Colleges Ill-Equipped To Investigate, Adjudicate Sexual Assaults
ARI SHAPIRO, HOST:
Today the University of Virginia held a special meeting to discuss the issue of campus rape and sexual assault. This is in reaction to a Rolling Stone article that documented a pattern of a rape on campus. The issue extends far beyond UVA though. American colleges have spent a lot of time recently wrestling with how to prevent and respond to sexual assault. Our next guest wrote a provocative and controversial opinion piece in The New York Times with the headline, mishandling rape. Jed Rubenfeld is a law professor at Yale University. Welcome to the program.
JED RUBENFELD: Thank you.
SHAPIRO: You say in your essay that, quote, "our strategy for dealing with rape on college campuses has failed abysmally." How, in brief, would you describe that strategy? And in what way has it failed?
RUBENFELD: There are two pieces of the strategy. First of all, for some very good reasons - low arrest rates, low conviction rates, fear of not being believed - victims of sexual assault and rape on college campuses just don't report to the police. The number is fewer than 5 percent report to the police. As a result, these rapists never do time in jail - almost never. As a result, there's no deterrence, and as a result, we have a phenomenal, staggering number of rapes on college campuses.
Now, since 2011 the response pushed by the federal government has been to have colleges and universities all across the country engage in rape trial adjudication processes. And this is just not working. The colleges are not competent to adjudicate and handle these charges. They make mistakes both ways. They dismiss rape charges when they should have found that rape had been committed. And they brand students sexual assailants when it looks like there was no assault. So we're having problems in both directions.
SHAPIRO: In this opinion piece, you take issue with the notion of affirmative consent, which is the standard used at Yale and other campuses. Explain what affirmative consent means to begin with.
RUBENFELD: Affirmative consent is a new way of defining sexual consent. It works like this. If people do not communicate unambiguously - and the communication could be verbal or it could be nonverbal - but if they don't communicate unambiguously, then they have not consented and sexual assault has occurred.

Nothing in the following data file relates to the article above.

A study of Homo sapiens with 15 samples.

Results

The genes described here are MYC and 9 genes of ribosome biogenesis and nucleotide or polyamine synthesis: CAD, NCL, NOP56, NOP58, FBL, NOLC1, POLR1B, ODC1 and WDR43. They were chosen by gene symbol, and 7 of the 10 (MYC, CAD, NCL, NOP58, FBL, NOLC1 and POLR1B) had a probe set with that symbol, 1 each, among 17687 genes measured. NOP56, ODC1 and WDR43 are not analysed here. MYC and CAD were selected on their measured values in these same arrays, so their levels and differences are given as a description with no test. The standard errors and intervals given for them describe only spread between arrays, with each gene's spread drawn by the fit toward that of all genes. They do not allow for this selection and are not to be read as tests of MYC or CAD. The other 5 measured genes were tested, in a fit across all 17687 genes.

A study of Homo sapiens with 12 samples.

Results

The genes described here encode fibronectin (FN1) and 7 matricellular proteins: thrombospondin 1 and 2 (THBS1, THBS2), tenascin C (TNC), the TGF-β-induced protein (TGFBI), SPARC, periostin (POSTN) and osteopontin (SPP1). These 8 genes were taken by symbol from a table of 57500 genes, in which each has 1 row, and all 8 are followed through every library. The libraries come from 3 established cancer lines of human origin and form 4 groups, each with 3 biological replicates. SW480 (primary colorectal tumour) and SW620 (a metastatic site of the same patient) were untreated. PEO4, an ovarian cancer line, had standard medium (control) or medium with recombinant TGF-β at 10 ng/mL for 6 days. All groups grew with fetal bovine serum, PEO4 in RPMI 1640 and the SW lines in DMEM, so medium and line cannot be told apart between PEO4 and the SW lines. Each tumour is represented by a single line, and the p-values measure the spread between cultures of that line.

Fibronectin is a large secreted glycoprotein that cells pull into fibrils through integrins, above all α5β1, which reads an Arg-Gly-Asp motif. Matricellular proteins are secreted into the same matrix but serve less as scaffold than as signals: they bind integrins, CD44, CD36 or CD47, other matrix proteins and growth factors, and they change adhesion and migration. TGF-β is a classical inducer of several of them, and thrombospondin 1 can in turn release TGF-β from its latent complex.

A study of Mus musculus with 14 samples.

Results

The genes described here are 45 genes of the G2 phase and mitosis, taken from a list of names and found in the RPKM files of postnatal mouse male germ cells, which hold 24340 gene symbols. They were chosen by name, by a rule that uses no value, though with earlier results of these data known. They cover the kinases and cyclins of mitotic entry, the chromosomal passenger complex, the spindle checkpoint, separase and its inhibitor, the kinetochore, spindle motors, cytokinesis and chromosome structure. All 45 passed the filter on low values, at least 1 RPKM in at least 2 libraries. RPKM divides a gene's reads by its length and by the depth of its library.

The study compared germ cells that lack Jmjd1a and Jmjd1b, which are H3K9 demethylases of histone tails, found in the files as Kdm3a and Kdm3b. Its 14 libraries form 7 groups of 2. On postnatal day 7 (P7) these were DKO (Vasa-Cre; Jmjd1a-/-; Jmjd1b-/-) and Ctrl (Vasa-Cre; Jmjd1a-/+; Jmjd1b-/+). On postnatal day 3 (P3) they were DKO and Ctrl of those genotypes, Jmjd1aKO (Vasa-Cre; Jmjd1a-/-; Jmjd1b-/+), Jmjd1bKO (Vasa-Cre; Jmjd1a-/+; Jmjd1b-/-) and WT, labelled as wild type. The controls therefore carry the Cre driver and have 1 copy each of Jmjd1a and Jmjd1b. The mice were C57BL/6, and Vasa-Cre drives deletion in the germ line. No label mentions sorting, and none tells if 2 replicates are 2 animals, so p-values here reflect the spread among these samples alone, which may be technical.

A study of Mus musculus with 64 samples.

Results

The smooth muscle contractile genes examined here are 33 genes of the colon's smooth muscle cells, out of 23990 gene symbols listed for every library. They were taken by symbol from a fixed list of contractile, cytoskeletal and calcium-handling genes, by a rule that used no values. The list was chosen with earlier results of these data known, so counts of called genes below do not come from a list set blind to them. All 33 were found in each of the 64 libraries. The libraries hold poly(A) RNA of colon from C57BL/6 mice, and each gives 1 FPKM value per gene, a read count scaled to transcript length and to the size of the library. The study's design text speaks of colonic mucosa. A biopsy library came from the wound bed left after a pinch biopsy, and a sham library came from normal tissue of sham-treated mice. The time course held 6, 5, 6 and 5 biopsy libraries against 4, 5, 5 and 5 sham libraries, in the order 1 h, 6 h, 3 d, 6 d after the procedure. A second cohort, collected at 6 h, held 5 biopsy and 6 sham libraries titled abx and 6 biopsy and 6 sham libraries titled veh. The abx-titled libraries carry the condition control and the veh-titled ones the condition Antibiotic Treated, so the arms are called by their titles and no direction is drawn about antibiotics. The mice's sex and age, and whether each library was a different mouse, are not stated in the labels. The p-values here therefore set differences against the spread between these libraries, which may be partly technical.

There's a problem with that definition. The problem is that people can do things voluntarily with no assault and yet not communicate unambiguously. If two people get undressed, get into bed, have sex voluntarily - I mean voluntarily - no problems, but they don't communicate unambiguously. So if that happens, that is rape under these definitions.
SHAPIRO: A group of Yale law students has taken issue with your criticism. They wrote a public letter saying, in part, Rubenfeld's assessment is divorced from the facts of students' lived experiences and from the law itself. How do you respond to their complaint?
RUBENFELD: Well, these are students at my law school. It's part of my community. I'm not going to say a negative word against my own students or their letter, but I will say this. If people who are trying to combat sexual violence on campus - and I'm including myself, obviously, in that description. If we can't stand up and say hey, look, what's being done right now is creating a situation where schools are finding sexual assault even though no sexual assault has occurred - and that's what happens under these affirmative consent definitions. If we can't say that, we are making a big mistake. And we don't want to trivialize sexual assault that way. We want to fight sexual assault when it really happens.
SHAPIRO: As UVA and other schools wrestle with how to change the - what some have described as a culture of rape - what's the advice that you would offer?
RUBENFELD: Well, we need to get more women and men victims of sexual assault to report their crimes to the police. That's going to take a change in the way police handle things. So we need retraining and changes at police stations, but then we need to use the college processes as a bridge to get the victims to report the crime to the police. Colleges and should assign a lawyer to sexual assault victims and make sure their rights are respected.
We need to make this process easier. To do that, we've got to make sure that sexual assault is defined on campus the way it's defined in the law - the way it's defined in the real world, not change the meaning of it on campus so that sexual assault on campus covers stuff that isn't an assault. And then we've got to integrate law-enforcement so that a few of these rapists can go to jail and be convicted because I'm telling you, if we can just send a few of them to jail, that is going to change what's happening on college campuses and in frats more than anything else.
SHAPIRO: That's Yale Law professor Jed Rubenfeld. Thanks so much for speaking with us.
RUBENFELD: You're welcome. Thanks for having me.